This article originally appeared in Philanthropy Impact Magazine in February 2022.

By Madison Kerr, Economist at PBE

Funders today expect charities to provide evidence of their impact. This is more important than ever in the wake of the pandemic, which has left a permanent scar on the sector’s public donation levels which could be as large as £6.6 billion. However, analysing the economic impact of a charity’s services is easier said than done for some organisations, so it is beneficial to consider what is feasible before investing in data collection and impact consultants.


The starting place for those in charge of charities should be to ask, why do we want to estimate our impact? Who are we trying to influence and what outcomes will those stakeholders be interested in? Will they be motivated by case studies, technical studies or are they interested in savings expressed in pounds and pence?

Charity leaders can then start thinking about the outcomes their organisation delivers and whether these can be measured and articulated in a way that will work for those stakeholders. For example, a charity focused on improving mental health through counselling support has several potential avenues for articulating their impact. They can tell stories about people whose lives have been turned around. They can express how improvements in mental health reduces NHS usage. Equally, they can explain the value of improvements in people’s quality of life from their services.


After a charity has decided what outcome it is interested in measuring, those in charge will need to make sure data is carefully collected prior to and after the delivery of the charity’s services. Frontline staff usually collect data at charities, so they need to recognise the importance of this data and understand how it will benefit service users. If frontline charity workers see data collection as an inconvenience, this may affect the data quality, which has consequences. It is not possible to do an accurate economic analysis if the underlying data is unreliable.


At Pro Bono Economics, we typically estimate the economic impact of a charity through either the monetary value of the outcomes or by the improvements that follow in people’s wellbeing. Charities like to explain the impact of their programmes in pounds and pence because it is a universally recognised understanding of value. Stakeholders, whether they be funders, service users, employees or volunteers, can easily grasp the importance of x pounds in outcomes outweighing y pounds in costs.However, to do this, the charity’s outcomes must be suitable for conversion into monetary terms. Some outcomes are easier to convert into currency than others. For instance, charities that improve students’ academic scores, get people into employment, reduce dependence on government benefits and improve the physical and/or mental health of clients all have pre-existing evidence of the value of these outcomes.

Last year, Pro Bono Economics undertook an economic analysis of The Clink Charity which operates training restaurants in prisons. Trainees get the opportunity to gain skills and qualifications before The Clink Charity subsequently helps connect them with employers upon release. We estimated that for every £1 invested, the charity’s training and support programme could generate £4.80 in benefits through reductions in the probability of reoffending.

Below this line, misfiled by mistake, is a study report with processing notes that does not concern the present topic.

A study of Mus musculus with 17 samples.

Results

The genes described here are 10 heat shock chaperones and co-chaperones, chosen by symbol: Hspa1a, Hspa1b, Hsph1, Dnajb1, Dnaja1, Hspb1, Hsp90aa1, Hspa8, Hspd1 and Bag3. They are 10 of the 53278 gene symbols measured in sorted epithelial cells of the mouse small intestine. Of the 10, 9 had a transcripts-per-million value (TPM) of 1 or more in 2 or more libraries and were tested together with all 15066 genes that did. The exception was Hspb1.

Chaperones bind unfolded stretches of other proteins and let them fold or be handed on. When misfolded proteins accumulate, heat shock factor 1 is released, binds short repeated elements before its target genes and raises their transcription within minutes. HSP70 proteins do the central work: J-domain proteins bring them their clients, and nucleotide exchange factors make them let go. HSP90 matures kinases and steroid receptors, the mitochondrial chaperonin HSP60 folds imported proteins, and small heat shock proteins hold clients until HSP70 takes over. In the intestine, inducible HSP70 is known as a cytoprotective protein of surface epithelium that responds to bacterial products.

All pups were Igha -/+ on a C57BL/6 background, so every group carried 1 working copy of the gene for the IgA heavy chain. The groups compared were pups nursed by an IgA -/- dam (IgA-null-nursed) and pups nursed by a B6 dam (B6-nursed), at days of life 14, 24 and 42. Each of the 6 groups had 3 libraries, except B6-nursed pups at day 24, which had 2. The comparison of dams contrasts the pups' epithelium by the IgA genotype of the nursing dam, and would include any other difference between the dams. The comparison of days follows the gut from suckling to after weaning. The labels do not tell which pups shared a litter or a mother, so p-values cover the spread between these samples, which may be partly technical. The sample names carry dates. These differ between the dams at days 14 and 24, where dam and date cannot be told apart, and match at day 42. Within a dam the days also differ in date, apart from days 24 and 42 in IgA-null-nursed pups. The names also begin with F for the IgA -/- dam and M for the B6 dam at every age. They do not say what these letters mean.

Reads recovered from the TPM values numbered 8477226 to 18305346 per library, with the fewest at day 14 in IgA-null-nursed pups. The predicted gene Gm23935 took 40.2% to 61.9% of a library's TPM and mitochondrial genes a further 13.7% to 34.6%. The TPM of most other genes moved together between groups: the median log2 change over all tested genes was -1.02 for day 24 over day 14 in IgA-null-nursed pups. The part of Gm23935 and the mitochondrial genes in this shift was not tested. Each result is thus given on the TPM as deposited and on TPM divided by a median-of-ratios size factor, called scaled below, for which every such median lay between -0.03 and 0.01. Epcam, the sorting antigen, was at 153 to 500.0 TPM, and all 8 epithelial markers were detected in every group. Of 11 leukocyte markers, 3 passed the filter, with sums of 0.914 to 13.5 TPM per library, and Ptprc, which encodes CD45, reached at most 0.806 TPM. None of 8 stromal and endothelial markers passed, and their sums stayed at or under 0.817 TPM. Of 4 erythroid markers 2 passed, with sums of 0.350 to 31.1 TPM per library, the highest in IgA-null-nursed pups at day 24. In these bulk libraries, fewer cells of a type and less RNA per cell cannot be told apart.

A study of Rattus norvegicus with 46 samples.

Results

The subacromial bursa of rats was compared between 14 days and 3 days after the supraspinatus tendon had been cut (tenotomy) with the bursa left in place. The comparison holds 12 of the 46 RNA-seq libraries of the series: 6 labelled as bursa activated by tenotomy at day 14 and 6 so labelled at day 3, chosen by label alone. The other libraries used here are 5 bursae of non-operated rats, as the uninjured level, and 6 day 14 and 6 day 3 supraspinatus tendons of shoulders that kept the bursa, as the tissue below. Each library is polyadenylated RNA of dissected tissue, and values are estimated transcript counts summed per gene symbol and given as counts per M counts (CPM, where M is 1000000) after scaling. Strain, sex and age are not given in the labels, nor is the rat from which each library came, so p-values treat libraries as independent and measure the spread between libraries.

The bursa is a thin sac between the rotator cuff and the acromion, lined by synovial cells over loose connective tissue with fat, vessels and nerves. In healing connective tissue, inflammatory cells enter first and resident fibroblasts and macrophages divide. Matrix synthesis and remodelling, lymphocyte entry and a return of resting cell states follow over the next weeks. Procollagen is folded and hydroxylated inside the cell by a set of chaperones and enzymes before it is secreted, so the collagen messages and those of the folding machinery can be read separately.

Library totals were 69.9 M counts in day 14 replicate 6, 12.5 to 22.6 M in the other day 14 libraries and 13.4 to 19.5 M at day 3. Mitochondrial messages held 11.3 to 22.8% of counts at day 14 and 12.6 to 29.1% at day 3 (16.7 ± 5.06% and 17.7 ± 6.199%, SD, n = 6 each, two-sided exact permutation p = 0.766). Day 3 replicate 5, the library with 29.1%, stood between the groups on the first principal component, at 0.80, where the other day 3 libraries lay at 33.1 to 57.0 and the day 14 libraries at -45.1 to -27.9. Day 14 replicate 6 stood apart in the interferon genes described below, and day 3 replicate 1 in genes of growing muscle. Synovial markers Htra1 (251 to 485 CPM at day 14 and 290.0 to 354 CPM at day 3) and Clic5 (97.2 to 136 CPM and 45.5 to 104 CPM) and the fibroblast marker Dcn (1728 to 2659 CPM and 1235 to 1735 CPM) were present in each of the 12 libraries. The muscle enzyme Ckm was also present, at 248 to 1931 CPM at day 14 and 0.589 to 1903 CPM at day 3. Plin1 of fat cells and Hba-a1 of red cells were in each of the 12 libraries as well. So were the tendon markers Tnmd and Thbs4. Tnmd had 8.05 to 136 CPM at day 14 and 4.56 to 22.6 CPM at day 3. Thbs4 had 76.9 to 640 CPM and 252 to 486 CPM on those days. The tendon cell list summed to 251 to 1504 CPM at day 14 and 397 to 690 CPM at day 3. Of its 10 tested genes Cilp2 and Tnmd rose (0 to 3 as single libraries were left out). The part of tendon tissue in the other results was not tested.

However, some outcomes achieved by charities have traditionally been far more difficult to translate into a monetary value. For example, charities which help people to access government services or welfare payments to which they are entitled would often appear as a negative benefit to the government, as they increase demand on services in the near term. But we know that accessing these services can have an instant and dramatic impact, improving the lives of their beneficiaries at a time when they are often at their most vulnerable. Fortunately, measuring economic impact through improvements in wellbeing has been gathering momentum, as government agencies recognise that improving the lives of people is both measurable and valuable in economic terms. New guidance from the Treasury supports the case for converting wellbeing improvements to pounds, which could transform the ability of many charities to talk about their impact in monetary terms.


Unfortunately, despite these important strides in capturing and measuring changes to the quality of life, there remain some charities that are not appropriate for economic impact analysis. To start with, there are some outcomes that remain difficult to monetise. It is likely to remain difficult to put a monetary value on charities that conduct research, advocate for social change or improve animal welfare. Secondly, isolating the effect from an organisation’s intervention can sometimes be near impossible if clients simultaneously use other services. In addition, the burden of data collection may not be appropriate or possible with the type of intervention and/or resources available to an organisation. For instance, mental health charities may not want to require clients to fill in long surveys before and after their services as it may deter people from accessing the services in the first place.


Before setting off down the path of estimating a charity’s impact, it is important for an organisation to understand:

  1. Why they want to receive an economic analysis
  2. If the outcomes their organisation influence lend themselves well to impact evaluation
  3. Whether they have the time and resources to conduct one

Pro Bono Economics believes that providing evidence of economic impact is incredibly beneficial for charities if they are well positioned to do so.